From cafe owner to campaigner: Julie Bailey's journey
- 5 February 2013
- From the section Health
A key report that is likely to have a huge impact on the NHS in England will be published later.
A public inquiry led by Robert Francis QC has been looking into how those responsible for overseeing the NHS - the national regulators, the local health authority and the hospital board - failed to prevent the terrible events at Stafford Hospital, where hundreds of people died unnecessarily as a result of poor care.
But the fact that the disaster at Stafford Hospital was exposed in the first place is in large part down to a campaign led by one woman.
Julie Bailey is a cafe owner from Stafford, whose mother Bella died in the hospital in terrible circumstances about five years ago.
Originally motivated by what she witnessed in the ward her mother was on, Julie started what has become a formidable campaign.
Local campaign, national issue
With the help of local people who had similar experiences, Julie started Cure The NHS, a group dedicated to making the health service a safer and more caring environment.
Over the past five years she has been contacted by people from across the UK who have also seen family members suffer in NHS hospitals.
She has gone from cafe owner to full-time campaigner.
"It's been an incredible journey to be honest, but I would never have been able to do it without the support of the group.
"We're really close-knit, and it's just being able to share the same experiences that has knitted us together and we can help each other.
"It's been very hard, but at the end of it we know the more we do, the more we push the NHS to make it safer, the less our loved ones died in vain."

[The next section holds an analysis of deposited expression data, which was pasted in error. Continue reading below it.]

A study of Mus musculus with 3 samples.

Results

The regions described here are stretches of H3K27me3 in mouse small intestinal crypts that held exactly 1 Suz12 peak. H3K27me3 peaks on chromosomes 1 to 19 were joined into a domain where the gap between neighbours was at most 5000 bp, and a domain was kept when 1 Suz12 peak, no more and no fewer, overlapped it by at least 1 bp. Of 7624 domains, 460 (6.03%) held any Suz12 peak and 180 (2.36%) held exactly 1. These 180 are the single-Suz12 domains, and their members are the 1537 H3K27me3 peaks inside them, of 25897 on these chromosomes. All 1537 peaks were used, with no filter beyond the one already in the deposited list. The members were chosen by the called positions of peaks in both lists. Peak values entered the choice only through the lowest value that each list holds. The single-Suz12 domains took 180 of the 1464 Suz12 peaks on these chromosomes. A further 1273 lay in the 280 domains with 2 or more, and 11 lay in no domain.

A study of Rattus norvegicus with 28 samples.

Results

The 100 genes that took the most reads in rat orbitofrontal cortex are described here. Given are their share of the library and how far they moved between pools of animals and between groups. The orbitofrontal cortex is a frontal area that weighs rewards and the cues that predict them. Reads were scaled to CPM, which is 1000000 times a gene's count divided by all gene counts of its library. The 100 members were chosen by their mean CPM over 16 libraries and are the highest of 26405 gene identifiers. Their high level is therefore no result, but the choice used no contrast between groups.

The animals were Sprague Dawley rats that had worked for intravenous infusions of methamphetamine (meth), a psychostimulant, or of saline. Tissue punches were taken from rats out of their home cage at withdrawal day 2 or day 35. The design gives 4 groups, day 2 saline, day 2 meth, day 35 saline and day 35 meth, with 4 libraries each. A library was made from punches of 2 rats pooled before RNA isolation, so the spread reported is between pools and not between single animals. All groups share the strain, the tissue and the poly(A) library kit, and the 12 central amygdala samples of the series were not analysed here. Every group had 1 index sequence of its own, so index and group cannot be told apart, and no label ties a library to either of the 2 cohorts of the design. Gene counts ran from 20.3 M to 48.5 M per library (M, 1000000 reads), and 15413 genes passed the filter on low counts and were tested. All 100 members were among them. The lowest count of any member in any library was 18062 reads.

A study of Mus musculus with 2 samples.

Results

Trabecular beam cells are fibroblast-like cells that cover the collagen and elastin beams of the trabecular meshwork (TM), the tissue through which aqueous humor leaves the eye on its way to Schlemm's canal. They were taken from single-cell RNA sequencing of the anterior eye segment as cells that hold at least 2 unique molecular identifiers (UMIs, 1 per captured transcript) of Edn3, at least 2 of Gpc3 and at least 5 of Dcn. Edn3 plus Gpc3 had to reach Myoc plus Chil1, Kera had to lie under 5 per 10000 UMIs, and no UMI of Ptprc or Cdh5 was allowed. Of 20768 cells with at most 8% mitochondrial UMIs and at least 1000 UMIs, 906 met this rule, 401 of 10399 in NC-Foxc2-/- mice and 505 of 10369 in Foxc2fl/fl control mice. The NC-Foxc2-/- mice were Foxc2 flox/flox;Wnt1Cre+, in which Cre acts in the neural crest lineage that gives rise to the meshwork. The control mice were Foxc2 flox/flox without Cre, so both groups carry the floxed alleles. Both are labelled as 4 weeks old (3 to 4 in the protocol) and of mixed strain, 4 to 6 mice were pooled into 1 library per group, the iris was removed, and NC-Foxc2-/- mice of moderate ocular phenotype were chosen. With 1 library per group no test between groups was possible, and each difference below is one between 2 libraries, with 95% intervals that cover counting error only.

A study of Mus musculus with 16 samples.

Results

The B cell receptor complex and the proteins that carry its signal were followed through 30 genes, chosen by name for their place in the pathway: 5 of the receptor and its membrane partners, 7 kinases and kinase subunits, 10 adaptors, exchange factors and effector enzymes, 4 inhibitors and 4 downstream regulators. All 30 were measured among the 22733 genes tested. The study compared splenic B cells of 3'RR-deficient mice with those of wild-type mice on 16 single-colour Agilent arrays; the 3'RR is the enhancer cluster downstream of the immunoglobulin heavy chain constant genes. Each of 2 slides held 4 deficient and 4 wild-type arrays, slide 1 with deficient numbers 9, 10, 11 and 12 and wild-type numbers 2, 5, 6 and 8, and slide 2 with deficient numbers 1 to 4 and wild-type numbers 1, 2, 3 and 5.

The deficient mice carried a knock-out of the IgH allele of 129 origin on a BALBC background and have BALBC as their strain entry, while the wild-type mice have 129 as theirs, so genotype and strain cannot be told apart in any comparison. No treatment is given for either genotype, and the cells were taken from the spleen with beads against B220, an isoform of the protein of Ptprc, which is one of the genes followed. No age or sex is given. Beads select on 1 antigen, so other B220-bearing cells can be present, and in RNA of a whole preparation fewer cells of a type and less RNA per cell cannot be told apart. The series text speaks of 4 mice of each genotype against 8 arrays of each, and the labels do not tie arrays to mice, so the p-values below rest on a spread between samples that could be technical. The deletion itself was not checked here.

Threats of violence
Christine Dalziel joined Julie after her husband George died while being treated at Stafford hospital in 2007.
But Christine says there has been opposition to the campaign from within the town - some of it directed at Julie Bailey herself.
"I think she's wonderful, the way she's able to speak on television, at conferences, wherever she goes.
"She's worked so hard and then for people to threaten her with violence - things that she's read on the internet - it's just unbelievable.
"Because these people just don't realise that all we're doing is trying to prevent them from having to go through the same thing that we went through."
Staff at Stafford Hospital say things have greatly improved in the past five years - although Cure the NHS is still to be convinced.
A recent story of poor standards of care at the hospital will have done nothing to change their view.
But Antony Sumara, a former chief executive of the Mid Staffordshire trust which runs Stafford Hospital, says the group has performed a vital role.
"What you need are the Julie Baileys of the world.
"It doesn't matter how close you get to people like that from an authority point of view, she will hold you to account.
"She will scream and shout at you if you do things wrong.
"Most (health service) managers are scared of listening to people like that."
An end in sight?
Julie Bailey says her life has been on hold for five years, juggling a business and a high-profile campaign.
But now she feels an end could be in sight.
"This will be the biggest report in the history of the NHS and this will never happen again.
"This examination of the NHS will never have to happen again, because this will be the end, this will be a safer NHS."
So after five years, I ask Julie if that would mean the end of her campaign?
"I really hope so. I hope we can put our goal to bed.
"Our goal at the beginning was to ensure safe care throughout the NHS."
Whatever comes from the Francis Inquiry, Julie has helped drive patient safety and dignity up the NHS agenda.
That in itself has been a notable success.
But securing a fundamental shift in culture in those parts of the NHS that are still failing patients would be a real achievement.